If you are one of tens of millions of people who bought some kind of activity tracker in the past years, you are into continuous measurements.
You are told to take 10,000 steps everyday. You take that as gospel or indisputable scientific statement (spoiler: it is neither). You squeeze in extra steps throughout the day or stay awake trying to hit the mark before the midnight strikes. You feel elated when the band on your arm vibrates to tell you that reached 1000 steps. Goal achieved.
You wear the band in bed. The band apparently tracks your sleep pattern throughout the night. You are happy to see a graph the next day morning and feel proud when you shove that graph in the faces of your co-workers, mostly to say how little you sleep. Goal achieved.
The two metrics are not enough for some. For additional $50 you can get devices that continuously measure your heart rate. It gives you such joy to see heart rates measured every two minutes and mapped as time series graph. Congratulations, you are alive. Goal achieved.
For another $100 more you can measure even more, like the GPS coordinates of your movements. May be you are a runner or cyclist and like mapping your path. Everyday you run the same path and collect GPS metrics and see the mapped path on your smartphone. Can we say goal achieved?
- Why is 10,000 steps a goal? Why not any other number? If 10,000 is good is 12,000 better? Does that make me fit? Fitter? Fitter than those who do not wear the band and count steps?
- What is the point of seeing a graph on how I slept? Is there anything I can do to change a particular duration when I tossed and turned?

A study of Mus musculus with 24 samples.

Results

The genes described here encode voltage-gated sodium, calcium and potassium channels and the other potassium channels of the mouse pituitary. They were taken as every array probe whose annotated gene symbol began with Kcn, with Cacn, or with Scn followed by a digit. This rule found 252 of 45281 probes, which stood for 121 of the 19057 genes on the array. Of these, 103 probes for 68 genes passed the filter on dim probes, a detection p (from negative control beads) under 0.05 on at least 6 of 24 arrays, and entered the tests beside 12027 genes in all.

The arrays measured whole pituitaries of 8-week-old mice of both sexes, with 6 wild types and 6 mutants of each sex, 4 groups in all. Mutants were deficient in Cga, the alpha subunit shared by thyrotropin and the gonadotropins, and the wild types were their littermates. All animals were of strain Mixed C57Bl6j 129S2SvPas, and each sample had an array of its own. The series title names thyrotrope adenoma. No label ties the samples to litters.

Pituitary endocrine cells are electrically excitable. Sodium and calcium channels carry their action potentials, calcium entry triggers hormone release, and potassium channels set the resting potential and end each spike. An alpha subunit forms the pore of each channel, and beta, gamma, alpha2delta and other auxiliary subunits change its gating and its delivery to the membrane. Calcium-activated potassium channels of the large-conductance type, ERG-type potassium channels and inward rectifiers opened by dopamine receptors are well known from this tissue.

- What am I doing with heart rate measurements from every 30 seconds? Why should I measure it so frequently if I am not under observation for some medical reason? What do I do with measurements from yesterday, and the days before that all look the same? Is one measurement per day not enough?
- I run the same path everyday or may be same 2-3 paths. Why am I collecting GPS coordinates everyday?
Since most do not ask these questions, nearly 100 million of them, I am here to help raise awareness on the futility of measurements for measurement sake. Let me categorically tell you that none of these are goals and none of these measurements are relevant.
First you need to ask what is the real goal. The goal should be about fitness and living healthy. Then we ask, how do we measure fitness. The Mayo Clinic gives us simple metrics and methods to measure our fitness. None of those involve continuously counting steps or sampling heart rate. Then we find out what are the options to improve your fitness, weigh the pros and cons of those options and pick the best possible under constraints.
When you look at options available, there is really only one — 60 minutes of activity at elevated heart rates. Once you do that at the beginning of the day, you can get on with rest of your day without distractions. That is the path to your fitness.
Finally you may ask what is wrong with counting steps if it gets me moving? The problems are multifold – you are measuring the wrong thing, you are optimizing for wrong metric, you mistakenly convince yourself you are improving and you miss out doing the right thing. All those forced walks to get a few steps do not elevate your heart rates and hence do not help you get fit.
It is time for you to toss that activity tracker (don’t you dare call them fitness bands), give up your obssession with contunuous measurements and start with right fitness goals.